Mexican head of Georgia drug cell gets 16 years in prison

The head of a drug trafficking cell in Georgia that distributed hundreds of kilograms of cocaine worth millions of dollars across metro Atlanta was sentenced to more than 16 years in prison on Thursday.

Oliver Maciel-Macedo received the stiff sentence despite his attorney’s claims that the man was a mere foot soldier working for powerbrokers in Mexico.

Defense attorney Bruce Harvey said his client was a pawn in a sprawling drug organization who was paid to do the bidding of a shadowy Mexican drug kingpin known as «El Negro.»

But prosecutors said Maciel-Macedo played an important role in distributing cocaine across the state. U.S. District Judge Richard Story said he agreed when he sentenced the 29-year-old to several more years in prison than his attorney said was reasonable.

«It’s a serious crime that requires a serious response,» the judge said, concluding that the suspect was a «company man» who clearly played a managerial role.

Maciel-Macedo was one of the biggest catches federal investigators landed when he and others were arrested in August 2009 as part of what authorities called «Operation Four Horsemen.» In all, investigators say, the operation led to the dismantling of two drug rings and the seizure of $21 million and about one ton of cocaine.

Authorities nabbed Maciel-Macedo, who led one of the cells, after following him to a bus parked behind a hotel in northwest Atlanta, where they watched him and another man transfer cocaine to his car. Agents said they then followed the two men to a pair of stash houses in metro Atlanta, where they later confiscated about 150 kilograms of cocaine and more than $5 million.

Maciel-Macedo pleaded guilty to the drug-related charges, and at Thursday’s sentencing hearing his attorney called him a «classic foot soldier» who was used by powerful drug lords in Mexico.

«He does what he’s told, but he doesn’t make any decisions about the price or where it goes,» said Harvey, who urged the judge to sentence his client to fewer than 13 years in prison. «The players sent him up front while they’re off in the distance making the money. And he’s paying the price.»

Maciel-Macedo also pleaded with the judge for mercy, vowing to be a better father to his three young daughters when he’s released from prison.

«I just ask for a second opportunity,» he said through an interpreter.

But federal authorities said they had plenty of proof that he was in charge of several workers who made sure the massive loads of cocaine shipped in from Mexico were safely distributed around Georgia.

He may have taken orders from Mexico, but he had complete discretion over how to carry out those orders here, said Thomas Jackson of the Drug Enforcement Administration.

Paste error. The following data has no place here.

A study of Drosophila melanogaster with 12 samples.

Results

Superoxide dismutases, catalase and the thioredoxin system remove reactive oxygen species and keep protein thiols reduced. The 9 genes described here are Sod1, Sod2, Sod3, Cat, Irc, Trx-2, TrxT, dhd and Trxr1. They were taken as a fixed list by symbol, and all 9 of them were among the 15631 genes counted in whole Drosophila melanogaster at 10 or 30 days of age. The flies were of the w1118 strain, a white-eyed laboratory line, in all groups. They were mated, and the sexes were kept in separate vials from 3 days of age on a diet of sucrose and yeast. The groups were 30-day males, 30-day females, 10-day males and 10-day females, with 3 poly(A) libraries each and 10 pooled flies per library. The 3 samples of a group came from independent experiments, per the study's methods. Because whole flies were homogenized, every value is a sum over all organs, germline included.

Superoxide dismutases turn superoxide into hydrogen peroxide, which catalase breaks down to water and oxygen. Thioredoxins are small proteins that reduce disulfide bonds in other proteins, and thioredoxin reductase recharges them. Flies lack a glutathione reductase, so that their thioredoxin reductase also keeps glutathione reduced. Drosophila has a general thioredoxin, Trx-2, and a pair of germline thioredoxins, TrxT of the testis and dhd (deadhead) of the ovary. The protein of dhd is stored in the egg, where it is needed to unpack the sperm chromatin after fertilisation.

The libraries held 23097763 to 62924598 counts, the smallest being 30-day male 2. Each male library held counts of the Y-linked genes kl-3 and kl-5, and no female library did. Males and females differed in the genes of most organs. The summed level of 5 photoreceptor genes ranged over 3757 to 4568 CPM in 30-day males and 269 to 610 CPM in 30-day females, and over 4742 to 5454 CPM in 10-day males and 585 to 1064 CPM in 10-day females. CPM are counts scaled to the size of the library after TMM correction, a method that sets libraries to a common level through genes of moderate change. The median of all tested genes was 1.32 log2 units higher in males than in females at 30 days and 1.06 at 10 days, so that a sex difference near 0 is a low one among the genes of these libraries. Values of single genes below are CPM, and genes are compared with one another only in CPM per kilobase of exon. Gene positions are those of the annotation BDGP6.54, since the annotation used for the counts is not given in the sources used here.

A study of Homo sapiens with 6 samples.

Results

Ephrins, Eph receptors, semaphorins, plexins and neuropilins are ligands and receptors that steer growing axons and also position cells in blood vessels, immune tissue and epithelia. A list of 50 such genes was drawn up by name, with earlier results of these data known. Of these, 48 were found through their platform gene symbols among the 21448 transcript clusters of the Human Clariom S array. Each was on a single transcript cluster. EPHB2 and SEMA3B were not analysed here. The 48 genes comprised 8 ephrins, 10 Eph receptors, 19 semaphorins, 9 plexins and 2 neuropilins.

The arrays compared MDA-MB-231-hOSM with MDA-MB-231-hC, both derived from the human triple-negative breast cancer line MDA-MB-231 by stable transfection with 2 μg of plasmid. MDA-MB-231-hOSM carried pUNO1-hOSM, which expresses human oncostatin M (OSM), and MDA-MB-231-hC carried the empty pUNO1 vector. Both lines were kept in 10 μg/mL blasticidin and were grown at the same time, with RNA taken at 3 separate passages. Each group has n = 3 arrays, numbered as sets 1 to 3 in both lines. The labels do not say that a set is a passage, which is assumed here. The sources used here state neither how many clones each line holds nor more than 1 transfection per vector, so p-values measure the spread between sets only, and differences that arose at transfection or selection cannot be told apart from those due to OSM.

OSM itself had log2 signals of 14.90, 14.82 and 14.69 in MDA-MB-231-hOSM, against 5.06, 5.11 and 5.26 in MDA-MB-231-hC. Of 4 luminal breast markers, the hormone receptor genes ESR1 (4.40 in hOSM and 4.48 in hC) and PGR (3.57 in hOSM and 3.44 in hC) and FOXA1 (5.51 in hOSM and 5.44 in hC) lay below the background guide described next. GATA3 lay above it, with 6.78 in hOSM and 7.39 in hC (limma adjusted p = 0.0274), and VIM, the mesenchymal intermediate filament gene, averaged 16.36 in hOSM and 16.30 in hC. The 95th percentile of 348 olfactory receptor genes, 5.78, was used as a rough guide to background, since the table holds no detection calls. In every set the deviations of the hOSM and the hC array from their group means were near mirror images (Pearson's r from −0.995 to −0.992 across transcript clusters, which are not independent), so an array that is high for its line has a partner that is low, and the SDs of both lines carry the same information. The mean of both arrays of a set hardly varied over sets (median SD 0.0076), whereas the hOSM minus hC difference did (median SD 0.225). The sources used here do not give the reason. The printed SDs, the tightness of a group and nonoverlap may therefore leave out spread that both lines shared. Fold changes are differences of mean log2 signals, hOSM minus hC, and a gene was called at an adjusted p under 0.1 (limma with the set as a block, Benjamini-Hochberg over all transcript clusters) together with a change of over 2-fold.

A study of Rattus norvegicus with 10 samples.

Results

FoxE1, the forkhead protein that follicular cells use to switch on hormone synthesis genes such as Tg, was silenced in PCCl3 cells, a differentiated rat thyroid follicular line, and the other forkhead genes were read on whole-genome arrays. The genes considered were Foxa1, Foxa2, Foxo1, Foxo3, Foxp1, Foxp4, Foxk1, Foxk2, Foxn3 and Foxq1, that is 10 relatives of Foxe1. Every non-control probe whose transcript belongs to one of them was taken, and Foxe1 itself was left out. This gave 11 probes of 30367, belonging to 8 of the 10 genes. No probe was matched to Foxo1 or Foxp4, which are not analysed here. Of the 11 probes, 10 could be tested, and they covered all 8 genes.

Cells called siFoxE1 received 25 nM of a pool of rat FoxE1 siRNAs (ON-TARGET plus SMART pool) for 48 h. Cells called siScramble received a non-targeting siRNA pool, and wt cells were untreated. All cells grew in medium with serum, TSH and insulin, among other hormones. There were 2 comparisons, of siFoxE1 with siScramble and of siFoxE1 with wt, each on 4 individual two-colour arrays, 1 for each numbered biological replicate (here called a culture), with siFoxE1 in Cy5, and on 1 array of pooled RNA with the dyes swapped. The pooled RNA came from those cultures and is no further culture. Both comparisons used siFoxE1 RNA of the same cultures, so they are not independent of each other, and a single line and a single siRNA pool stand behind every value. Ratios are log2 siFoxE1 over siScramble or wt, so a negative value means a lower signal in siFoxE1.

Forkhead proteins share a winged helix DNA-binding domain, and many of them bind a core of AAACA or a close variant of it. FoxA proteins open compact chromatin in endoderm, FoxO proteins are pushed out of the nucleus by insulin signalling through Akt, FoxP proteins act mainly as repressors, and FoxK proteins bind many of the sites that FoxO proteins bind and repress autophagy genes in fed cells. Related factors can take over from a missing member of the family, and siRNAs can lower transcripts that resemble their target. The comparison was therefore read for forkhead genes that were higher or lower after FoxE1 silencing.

Harry S. Sommers, Special Agent in Charge of the DEA Atlanta Field Division said, “DEA wants to make it clear that the law enforcement community will not tolerate the drug trafficking activities of Mexican cartel operatives who have targeted Atlanta as a base of operations.

The other defendants in the conspiracy have been sentenced as follows:

Ulises Giocochea-Solorio, 41, of Alpharetta, Georgia, was sentenced to 15 years in prison followed by five years of supervised release.

Eduardo Antonio Moreno-Rosales, 27, of Mexico, was sentenced to 14 years and seven months in prison followed by five years of supervised release.

Roberto Carlos De Los Santos, 35, of Mexico, was sentenced to 11 years and three months in prison followed by five years of supervised release.

Jose Antonio Ayvar-Soberanis, 43, of Tulsa, OK, was sentenced to 10 years in prison followed by five years of supervised release.

Juan Alberto Garcia, 36, of Cordele, Georgia, was sentenced to nine years and four months in prison followed by three years of supervised release.

Alejandro Sanchez-Morales, 26, of Mexico, was sentenced to eight years and four months in prison followed by five years of supervised release.

Jose Edenilson-Reyes, 39, of Katy, Texas, was sentenced to eight years and six months in prison followed by three years of supervised release.

Jose Lombera-Monje, 34, of Mexico, was sentenced to seven years and three months in prison followed by five years of supervised release.

Osmin Zumaya-Azuara, 39, of Penitas, Texas, was sentenced to six years and six months in prison followed by five years of supervised release.

Eduardo Javier Bernal, 33, of San Antonio, Texas, was sentenced to six years and six months in prison followed by three years of supervised release.

Eleazer Hernandez-Valdez, 45, of Mexico, was sentenced to five years in prison followed by three years of supervised release.

Jose Luis Morales-Samano, 38, of Mexico, was sentenced to four years and six months in prison followed by five years of supervised release.

Erika Delrosio Palomino, 24, of Duluth, Georgia, was sentenced to two years in prison followed by five years of supervised release.

Jimmy John Silva, 32, of Lawrenceville, Georgia, was sentenced to one year and six months in prison followed by one year of supervised release.